There is perhaps no more classic technique in a Lebanese kitchen than dressing the salata with a squeeze of the lemon and pour of the oil directly on the salad. Try as we might, none of my siblings or I have been quite able to replicate my mom’s touch: the oil, then a lemon, cut in half and juiced right over the bowl, with the seeds caught in her fingers (there is always a stray seed though, and inevitably that seed lands in my mouth. It’s a bitter bite and I always curse the lemon seeds). No matter how much salad Mom makes, it all gets eaten, and then the juice at the bottom of the bowl gets sopped up with pita bread. So, huge salad bowls are on the shelves of her kitchens and put to use for every meal that’s made at home. There have been a lot of those over the years, and I can’t help but wonder how many salads my mother has made in her lifetime. It’s got to be somewhere in the 20,000 range.
What I learned in my mother’s kitchen and what I learned in culinary school about making dressing are two different things. At Tante Marie’s, our dressings were made in a jar, with shallots as the basis along with any one of an array of vinegars and pungent olive oil. At home, it is almost always lemon and most often vegetable oil rather than olive oil, which Mom considers too strong for salad. I tend to agree and often use canola oil for my dressings.
I’ve settled into my own salad dressing routine, which is neither the direct-to-leaf route nor the jar shaking route. I like to whisk together my few simple ingredients with a small whisk, in a small bowl, until the mixture is fully emulsified. That’s just a fancy way of saying: that which does not mix (oil/vinegar) is forced by a little whisk to combine, at least temporarily, until it can get poured on the salad just before it is eaten.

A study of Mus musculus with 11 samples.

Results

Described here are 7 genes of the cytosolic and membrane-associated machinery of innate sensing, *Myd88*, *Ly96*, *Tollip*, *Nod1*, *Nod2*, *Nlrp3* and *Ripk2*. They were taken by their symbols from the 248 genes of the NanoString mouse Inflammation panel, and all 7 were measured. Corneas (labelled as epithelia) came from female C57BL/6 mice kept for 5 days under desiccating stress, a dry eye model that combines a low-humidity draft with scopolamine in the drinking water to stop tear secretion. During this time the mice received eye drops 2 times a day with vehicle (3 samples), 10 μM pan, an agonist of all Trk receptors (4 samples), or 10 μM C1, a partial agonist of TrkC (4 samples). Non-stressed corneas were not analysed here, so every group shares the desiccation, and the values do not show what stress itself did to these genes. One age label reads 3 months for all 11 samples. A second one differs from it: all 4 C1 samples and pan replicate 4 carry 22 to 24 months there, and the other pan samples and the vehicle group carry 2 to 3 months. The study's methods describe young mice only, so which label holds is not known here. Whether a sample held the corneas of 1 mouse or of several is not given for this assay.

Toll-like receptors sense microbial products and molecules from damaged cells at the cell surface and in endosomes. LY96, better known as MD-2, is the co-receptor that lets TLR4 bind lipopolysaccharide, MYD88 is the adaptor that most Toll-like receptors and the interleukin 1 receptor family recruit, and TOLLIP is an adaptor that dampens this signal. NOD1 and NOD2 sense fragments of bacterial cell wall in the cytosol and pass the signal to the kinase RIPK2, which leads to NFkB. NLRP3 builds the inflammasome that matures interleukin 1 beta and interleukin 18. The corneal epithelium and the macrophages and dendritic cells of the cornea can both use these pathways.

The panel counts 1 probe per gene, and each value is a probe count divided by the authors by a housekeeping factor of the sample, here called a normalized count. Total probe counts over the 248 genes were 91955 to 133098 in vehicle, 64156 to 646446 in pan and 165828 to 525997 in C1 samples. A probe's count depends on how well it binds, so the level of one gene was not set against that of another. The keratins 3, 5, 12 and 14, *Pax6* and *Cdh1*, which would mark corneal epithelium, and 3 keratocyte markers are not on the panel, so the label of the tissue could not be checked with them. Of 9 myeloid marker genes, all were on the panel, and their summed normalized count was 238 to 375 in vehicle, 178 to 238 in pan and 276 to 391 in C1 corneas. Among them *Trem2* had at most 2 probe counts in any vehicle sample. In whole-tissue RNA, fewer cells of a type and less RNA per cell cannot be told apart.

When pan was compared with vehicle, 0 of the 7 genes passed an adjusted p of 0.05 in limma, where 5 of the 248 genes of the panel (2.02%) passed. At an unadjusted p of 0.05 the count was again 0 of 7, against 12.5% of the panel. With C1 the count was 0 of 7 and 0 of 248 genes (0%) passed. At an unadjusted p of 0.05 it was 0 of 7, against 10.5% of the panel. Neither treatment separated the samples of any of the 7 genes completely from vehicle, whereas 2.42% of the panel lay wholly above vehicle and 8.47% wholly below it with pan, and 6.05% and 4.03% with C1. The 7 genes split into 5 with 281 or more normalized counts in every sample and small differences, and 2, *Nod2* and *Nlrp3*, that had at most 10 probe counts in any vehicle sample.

A balanced vinaigrette is made of 3 parts oil to 1 part acid (aka, vinegar or lemon juice). That essential rule of thumb produces a great result every time. But I always taste by dipping a leaf of lettuce in my dressing to see if it needs adjusting before I dress the salad. For me, the ideal dressing is a mix of olive oil (3 parts) and lemon juice (1 part), seasoned with salt, pepper, and garlic powder. Rice vinegar is also excellent, ranking right up there with lemon for me. The garlic powder is one of those flavors that can’t be replicated with fresh garlic—it’s almost a nutty flavor, a toasty garlic flavor, and it’s easier on the palate than raw garlic. One tough-minded New York literary agent who read a few of my recipes once, including one for fattoush salad, saw my ingredients listing garlic powder and practically ran me out of the city. Who uses garlic powder!, she said. Very Midwestern, she said. I look forward to having you over to try it sometime, I said with a smile. That was my Dale-Carnegie-How-To-Win-Friends-And–Influence-People response.
You’ve likely got everything you need to make a delicious dressing for our fattoush salad. It’s wonderful with sumac or without. If garlic powder is not on your shelf, consider treating yourself to some even if you don’t live here in the beautiful Midwest. It will add a delicious dimension to your salads from here on out.